Guest column/Guidelines for helping promote sportsmanship
I would not argue with anybody who says it is hard to be a parent in our highly competitive, contemporary society. I know. I was one parent who felt he could have done a better job, both in my children’s education and extracurricular activities.
Still, I did the best I could with the limited parental knowledge I had.
My only salvation was that I love all my children (and my grandchildren) with all my heart. But, looking back, I could have done a much better job.
Regarding athletics, I always attempted to direct my children to behave in a “good sportsmanship” manner. And by example, I always sat in the stands, keeping my thoughts to myself.
Have they always followed my advice? No. Of course, they knew I wasn’t happy.
I confess that I wasn’t totally successful in promoting sportsmanship with my kids. So, allow me to offer you the following guidelines to be good sportsmanship examples for your children.
Attend a contest to support and cheer for your team. Enjoy the skill and competitive efforts of both teams. Remember, all kids have parents who love them as well. Thus, do not intimidate or ridicule your opponents … they’re just kids like yours.
Keep in mind, school athletics are learning experiences for our children, and mistakes are sometimes made. We must praise our children in their attempt to improve themselves as athletes, just as we would praise them for their work in the classroom.
Some may not like this one. A ticket to a school extracurricular event is a privilege to observe a contest. It is not a license to verbally assault opponents, their fans and the officials. Remember, although you may not realize it, your children are watching all your actions … and are learning from them.
To truly show your interest in your children and the sports in which they are participating, see to it you take the time to learn the rules of the game. In doing so, you will better understand and appreciate why sports officials make the calls they do under certain unusual situations.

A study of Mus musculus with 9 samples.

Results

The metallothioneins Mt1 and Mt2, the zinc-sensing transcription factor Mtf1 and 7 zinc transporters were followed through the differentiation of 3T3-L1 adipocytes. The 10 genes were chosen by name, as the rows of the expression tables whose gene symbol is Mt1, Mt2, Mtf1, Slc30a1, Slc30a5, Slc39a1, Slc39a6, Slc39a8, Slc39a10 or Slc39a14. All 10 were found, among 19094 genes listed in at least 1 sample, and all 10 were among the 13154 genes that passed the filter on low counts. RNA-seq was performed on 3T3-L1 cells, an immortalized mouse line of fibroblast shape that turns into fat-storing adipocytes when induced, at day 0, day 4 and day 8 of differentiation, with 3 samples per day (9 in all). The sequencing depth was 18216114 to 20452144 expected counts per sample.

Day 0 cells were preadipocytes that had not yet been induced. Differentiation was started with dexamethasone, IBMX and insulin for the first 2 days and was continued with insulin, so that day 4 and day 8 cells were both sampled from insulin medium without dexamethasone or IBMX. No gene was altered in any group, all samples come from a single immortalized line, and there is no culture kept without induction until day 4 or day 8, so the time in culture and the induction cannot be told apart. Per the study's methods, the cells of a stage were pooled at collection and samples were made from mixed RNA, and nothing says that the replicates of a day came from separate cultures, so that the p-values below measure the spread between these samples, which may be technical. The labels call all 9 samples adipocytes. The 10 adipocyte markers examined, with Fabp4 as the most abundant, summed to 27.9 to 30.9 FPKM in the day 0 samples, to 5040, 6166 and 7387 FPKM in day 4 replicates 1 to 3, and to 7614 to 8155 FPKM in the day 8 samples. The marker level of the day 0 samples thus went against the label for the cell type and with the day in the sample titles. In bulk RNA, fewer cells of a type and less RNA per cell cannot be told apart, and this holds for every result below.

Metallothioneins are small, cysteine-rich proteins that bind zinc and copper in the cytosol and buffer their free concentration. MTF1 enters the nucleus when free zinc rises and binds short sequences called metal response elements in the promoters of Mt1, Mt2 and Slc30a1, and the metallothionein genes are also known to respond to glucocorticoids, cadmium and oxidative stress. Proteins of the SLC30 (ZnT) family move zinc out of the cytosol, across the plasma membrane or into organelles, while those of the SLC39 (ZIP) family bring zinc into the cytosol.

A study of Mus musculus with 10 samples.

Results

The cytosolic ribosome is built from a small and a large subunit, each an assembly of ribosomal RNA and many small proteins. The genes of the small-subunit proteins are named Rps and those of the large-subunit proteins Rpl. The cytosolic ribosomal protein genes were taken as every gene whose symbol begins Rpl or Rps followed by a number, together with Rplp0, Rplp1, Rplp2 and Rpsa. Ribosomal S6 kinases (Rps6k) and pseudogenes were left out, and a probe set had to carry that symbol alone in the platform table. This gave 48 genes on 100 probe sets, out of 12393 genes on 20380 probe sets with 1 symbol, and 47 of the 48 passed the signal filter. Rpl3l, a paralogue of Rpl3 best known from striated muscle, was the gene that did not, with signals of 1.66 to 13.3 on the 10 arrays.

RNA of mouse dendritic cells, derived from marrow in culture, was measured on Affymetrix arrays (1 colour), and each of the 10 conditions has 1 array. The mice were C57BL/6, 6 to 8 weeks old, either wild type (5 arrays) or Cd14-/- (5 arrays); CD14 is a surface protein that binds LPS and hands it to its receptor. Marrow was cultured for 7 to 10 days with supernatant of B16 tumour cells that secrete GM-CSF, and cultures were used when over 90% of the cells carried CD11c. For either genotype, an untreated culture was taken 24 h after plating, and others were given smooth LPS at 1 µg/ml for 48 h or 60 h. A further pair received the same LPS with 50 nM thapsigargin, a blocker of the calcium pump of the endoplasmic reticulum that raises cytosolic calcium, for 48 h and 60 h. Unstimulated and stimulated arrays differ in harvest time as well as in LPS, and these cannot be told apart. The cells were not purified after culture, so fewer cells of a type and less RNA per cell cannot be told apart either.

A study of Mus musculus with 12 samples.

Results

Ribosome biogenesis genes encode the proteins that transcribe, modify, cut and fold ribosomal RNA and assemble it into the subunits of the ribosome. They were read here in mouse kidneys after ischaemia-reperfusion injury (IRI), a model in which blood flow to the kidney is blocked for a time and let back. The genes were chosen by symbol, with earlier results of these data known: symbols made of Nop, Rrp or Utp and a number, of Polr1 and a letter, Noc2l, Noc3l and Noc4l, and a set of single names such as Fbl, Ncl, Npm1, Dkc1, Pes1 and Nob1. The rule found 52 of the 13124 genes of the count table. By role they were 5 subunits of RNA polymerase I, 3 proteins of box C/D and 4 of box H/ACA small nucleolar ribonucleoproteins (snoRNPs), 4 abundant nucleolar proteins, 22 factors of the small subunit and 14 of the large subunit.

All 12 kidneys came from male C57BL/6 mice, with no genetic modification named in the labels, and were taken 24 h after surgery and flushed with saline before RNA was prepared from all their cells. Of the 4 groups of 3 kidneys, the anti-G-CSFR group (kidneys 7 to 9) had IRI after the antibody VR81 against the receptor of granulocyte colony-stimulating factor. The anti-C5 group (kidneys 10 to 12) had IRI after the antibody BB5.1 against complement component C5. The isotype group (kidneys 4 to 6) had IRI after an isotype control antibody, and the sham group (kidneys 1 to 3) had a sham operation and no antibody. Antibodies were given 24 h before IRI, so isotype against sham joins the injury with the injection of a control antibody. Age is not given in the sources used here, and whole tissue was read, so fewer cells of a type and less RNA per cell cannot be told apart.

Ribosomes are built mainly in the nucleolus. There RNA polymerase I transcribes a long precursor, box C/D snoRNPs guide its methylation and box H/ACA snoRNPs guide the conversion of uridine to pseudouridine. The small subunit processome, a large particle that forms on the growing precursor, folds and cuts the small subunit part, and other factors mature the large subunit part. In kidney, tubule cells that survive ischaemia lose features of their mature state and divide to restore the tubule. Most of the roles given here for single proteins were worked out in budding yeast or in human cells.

All parents want their children to respect them and their beliefs in life. This can be accomplished by parents showing respect for others, especially in the sports arena. In other words, you need to respect opposing coaches, athletes, cheerleaders and spectators, as well as the officials assigned to the event. In essence, treat them as though they were guests in your own home.
At this point, I think it is important that we take a more in-depth look at our understanding of the role that officials play in our children’s athletic lives.
Don’t ever lose sight of the fact that someone must take on the responsibility of overseeing sporting events. Hence, you must respect the integrity and judgment of game officials.
You must further focus your thoughts on the point that these individuals are doing their best to be totally fair to all the hardworking athletes, including your son or daughter.
And most important, admire their willingness to participate in full view of the public.
After all, few (very few) men or women would have the dedication and nerve to do what they do.
Do officials occasionally make mistakes? Of course, they do. It’s part of the game and we’re all subject to human error.
Now, ask yourself this final soul-searching question in reference to officials: “Would I want my children treated as officials are frequently treated by many spectators after making very difficult decisions?”
By all means, no matter how upset you might be with your opponents’ coaches’ lack of sportsmanship, take a deep breath, and refrain from stooping to their level with derogatory comments that could be construed as unethical in nature on your part.
I know it is tough to do during emotional circumstances, but you will be pleased with yourself later. Believe me, such coaches are their own worst enemies, and even their players, parents and fans don’t respect them.
There are other individuals you, as athletic parents, have an obligation to: your school administrators.
You must make a steadfast effort to support your school officials in their efforts to promote the educational benefits of athletics and their emphasis on good sportsmanship.
This is another tough one. You should always attempt to recognize and show sincere appreciation for the outstanding efforts of players on both teams involved in the contest.
Finally, there is a last point that must be emphasized. Be a positive role model and condemn actions around you that promote behavior that is unbecoming to a wholesome, competitive atmosphere.
I freely and honestly admit, it is quite hard to be a parent in today’s modern “blame somebody else” culture. Thus, your extremely difficult job is to strive to foster appropriate parental behavior in all facets of your child’s life, including sports.
In conclusion, I have devised a sportsmanship theory: The 2-E Parental Principle.
What you, as parents, emanate is what your children most likely will emulate regarding athletic competition. Be careful; your children definitely know your thoughts and observe your actions in sports and life more than you could ever begin to imagine.
Parent Proverb: “Character is not made in a crisis, it is only exhibited.” – Robert Freeman.
(Welker is a retired reading specialist who was a K-12 classroom teacher for 40 years. He was selected as a 2009 Teacher of the Year by the Wheeling Area Chamber of Commerce.)